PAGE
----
Posted on March 05 2018
When you think of Italian food, you most certainly think of pizza. Developed in Naples in the late 18th century, pizza was originally a simple focaccia with a tomato topping. This recipe soon gained a devoted following, and even become a tourist attraction. Such is the allure of pizza, it is now an incredibly popular meal worldwide, with 3 billion pizzas being consumed annually in America alone.
For many Italians, heading to a local Pizzeria is a Sunday evening tradition. Pizza is notably one of the only Italian dishes that is available across the entire country; many other famous Italian specialities are exclusive to the area they originated from. While this is not the case with pizza, local regions usually do offer their own spin on the dish, with different variations of toppings or even differing styles and recipes altogether.
The most well-known of Italian pizza styles is the Neapolitan pizza. The Neapolitan is probably what most people think of when they think of traditional pizza; very thin crust, made in a wood-burning oven with fresh ingredients. The crust is so think that it does not have much topping and probably needs to be eaten with a knife and fork. To be authentically Neapolitan, it must be topped with San Marzano tomatoes, fresh basil and Mozarella di Bufala Campana.
As the popularity of pizza has spread throughout the world however you can now find different flavour varieties, crusts and toppings in every country. From a basic cheese and tomato (Margherita), mushroom (funghi), ham and pineapple (hawaiian) or pepperoni in UK to a kimchi flavoured pizza in Korea to Squid Teriyaki flavour in Japan.
New York Slice
In the USA there are different types of pizza based on the crust and base. The New York Slice has a thin crust like the Neopolitan. Toppings include tomato sauce, cheese, oregano and chilli flakes. Ground beef, peppers and mushrooms are also possible. The slice is meant to be eaten by hand perhaps folded in two.
The Chicago pizza is made with a thick crust with raised edges - in the shape of a pie. The ingredients are also loaded in reverse. Cheese is first, then meat or vegetables and the tomato sauce is poured on top like a sauce.
Pizza Rustica / Al Taglio
Pizza Rustica or al taglio (literally ‘Sliced Pizza’) is a long, rectangular style of pizza that came to prominence in Rome during the 1960s. This type of pizza is also known as pizza al metro, due to the fact that the pie itself is a metre long. With a denser base and more importance placed on toppings, you will see ‘pizza al taglio’ advertised on the side of take away vans and cafes.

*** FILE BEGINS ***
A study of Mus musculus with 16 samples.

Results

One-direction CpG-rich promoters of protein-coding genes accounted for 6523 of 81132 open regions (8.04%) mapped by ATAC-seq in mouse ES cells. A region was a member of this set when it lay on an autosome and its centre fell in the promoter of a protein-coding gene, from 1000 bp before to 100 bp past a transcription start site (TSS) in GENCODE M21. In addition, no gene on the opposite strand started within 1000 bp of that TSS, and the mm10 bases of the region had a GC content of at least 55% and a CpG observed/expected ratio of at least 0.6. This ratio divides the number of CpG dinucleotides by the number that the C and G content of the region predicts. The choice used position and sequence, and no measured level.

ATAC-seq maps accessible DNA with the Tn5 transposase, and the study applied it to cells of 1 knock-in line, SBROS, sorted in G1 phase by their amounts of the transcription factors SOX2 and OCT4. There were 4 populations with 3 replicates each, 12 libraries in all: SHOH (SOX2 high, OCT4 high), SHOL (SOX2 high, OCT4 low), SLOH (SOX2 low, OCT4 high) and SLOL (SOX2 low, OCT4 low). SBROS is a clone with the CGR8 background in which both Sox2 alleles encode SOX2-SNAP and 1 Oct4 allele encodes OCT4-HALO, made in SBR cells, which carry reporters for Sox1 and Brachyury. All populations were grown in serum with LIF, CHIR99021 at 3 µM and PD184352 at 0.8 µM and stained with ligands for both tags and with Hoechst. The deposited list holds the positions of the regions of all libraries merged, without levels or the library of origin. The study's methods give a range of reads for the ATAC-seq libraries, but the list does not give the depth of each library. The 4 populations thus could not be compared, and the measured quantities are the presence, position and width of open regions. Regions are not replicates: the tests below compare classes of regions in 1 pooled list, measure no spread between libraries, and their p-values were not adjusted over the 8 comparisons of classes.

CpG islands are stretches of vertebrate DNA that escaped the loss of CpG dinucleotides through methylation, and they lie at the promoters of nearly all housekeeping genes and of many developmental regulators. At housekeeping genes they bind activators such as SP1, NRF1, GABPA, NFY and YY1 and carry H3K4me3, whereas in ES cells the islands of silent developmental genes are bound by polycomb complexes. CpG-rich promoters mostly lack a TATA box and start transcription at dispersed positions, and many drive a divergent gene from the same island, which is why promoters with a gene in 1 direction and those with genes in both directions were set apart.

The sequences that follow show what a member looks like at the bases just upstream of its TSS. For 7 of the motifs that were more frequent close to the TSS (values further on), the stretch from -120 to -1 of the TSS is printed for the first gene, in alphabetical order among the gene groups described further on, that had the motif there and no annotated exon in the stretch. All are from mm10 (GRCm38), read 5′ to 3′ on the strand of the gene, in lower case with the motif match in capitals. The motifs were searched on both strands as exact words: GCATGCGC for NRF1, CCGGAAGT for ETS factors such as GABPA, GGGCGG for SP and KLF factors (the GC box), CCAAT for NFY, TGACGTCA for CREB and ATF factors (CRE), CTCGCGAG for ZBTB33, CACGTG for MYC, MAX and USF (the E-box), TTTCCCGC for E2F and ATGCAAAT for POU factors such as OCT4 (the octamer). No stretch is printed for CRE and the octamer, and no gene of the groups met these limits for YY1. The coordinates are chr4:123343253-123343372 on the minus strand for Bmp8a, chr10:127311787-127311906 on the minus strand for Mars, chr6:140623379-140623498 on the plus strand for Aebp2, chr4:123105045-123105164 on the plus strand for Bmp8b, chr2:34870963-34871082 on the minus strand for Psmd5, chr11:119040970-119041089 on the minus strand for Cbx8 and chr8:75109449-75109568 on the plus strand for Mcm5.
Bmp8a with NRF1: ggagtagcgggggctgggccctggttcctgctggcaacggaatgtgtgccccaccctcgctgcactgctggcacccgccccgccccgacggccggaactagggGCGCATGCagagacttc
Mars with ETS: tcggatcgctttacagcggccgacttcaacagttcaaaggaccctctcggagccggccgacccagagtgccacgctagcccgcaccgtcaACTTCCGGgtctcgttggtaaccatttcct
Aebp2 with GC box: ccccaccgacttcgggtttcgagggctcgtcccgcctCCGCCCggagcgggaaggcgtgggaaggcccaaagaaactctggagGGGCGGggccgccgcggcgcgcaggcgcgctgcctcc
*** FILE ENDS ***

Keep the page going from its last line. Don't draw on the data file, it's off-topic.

Pizza bianca (“White Pizza”) is another well-known type of pizza originating in Rome, although it’s incredibly different from al taglio in both style and recipe. The Pizza Bianca is a pizza without tomato sauce.
In Rome the Pizza Bianca can be seen as exemplifying simple and delicious cuisine - the pizza base sprinkled with just olive oil, sea salt and rosemary. Other versions use the Pizza Bianco as a show case for expensive ingredients without the acidic tomato base. Ingredients such as truffles, wild mushrooms, fennel sausage or just Italian cheese lovers. The often delicate flavours of some cheese such as ricotta can be overpowered by a rich tomato sauce. Pizza Bianco is also a good choice for any picky eaters.
The calzone is an oven baked folded pizza that originated in Naples. The name ‘calzone’ is thought to have come from the idea of a stuffed Christmas stocking. ‘Calza’ is the Italian word for ‘stocking’. Typically a Sandwich-sized calzones are a popular lunchtime treat from Italian street vendors, as they are easy to eat and contain a lot of filling. The fillings can vary from region to region but are usually tomato, cheeses, meats, vegetables, olives.
Another version of the calzone - slightly smaller and specifically fried - is the panzerotti. Typically filled with tomato and mozzarella panzerotti and are made in southern Italian town of Apulia.
The stromboli is more of an American - Italian invention. Thought to have started with immigrants in Philadelphia, it is made from a rectangular shaped pizza dough based.
Like a calzone the base is then covered with various cheeses, cold meats or vegetables. Rather than folded into a half moon shape, the stromboli is rolled up into a cylinder and baked in the oven.
Finally, dessert pizza is a style that has gained popularity across the globe, particularly in the US. Toppings range from the sickly sweet (marshmallows and sugared cream cheese), to the more indulgent (chocolate and fruit). Bonieri’s own Gianduja spread is perfect for a dessert pizza, topped with pears or bananas.
Whatever your pizza preferences, there is undoubtedly a style and choice of toppings available for you… although you may have to travel the length and breadth of Italy to ensure you really do find your favourite.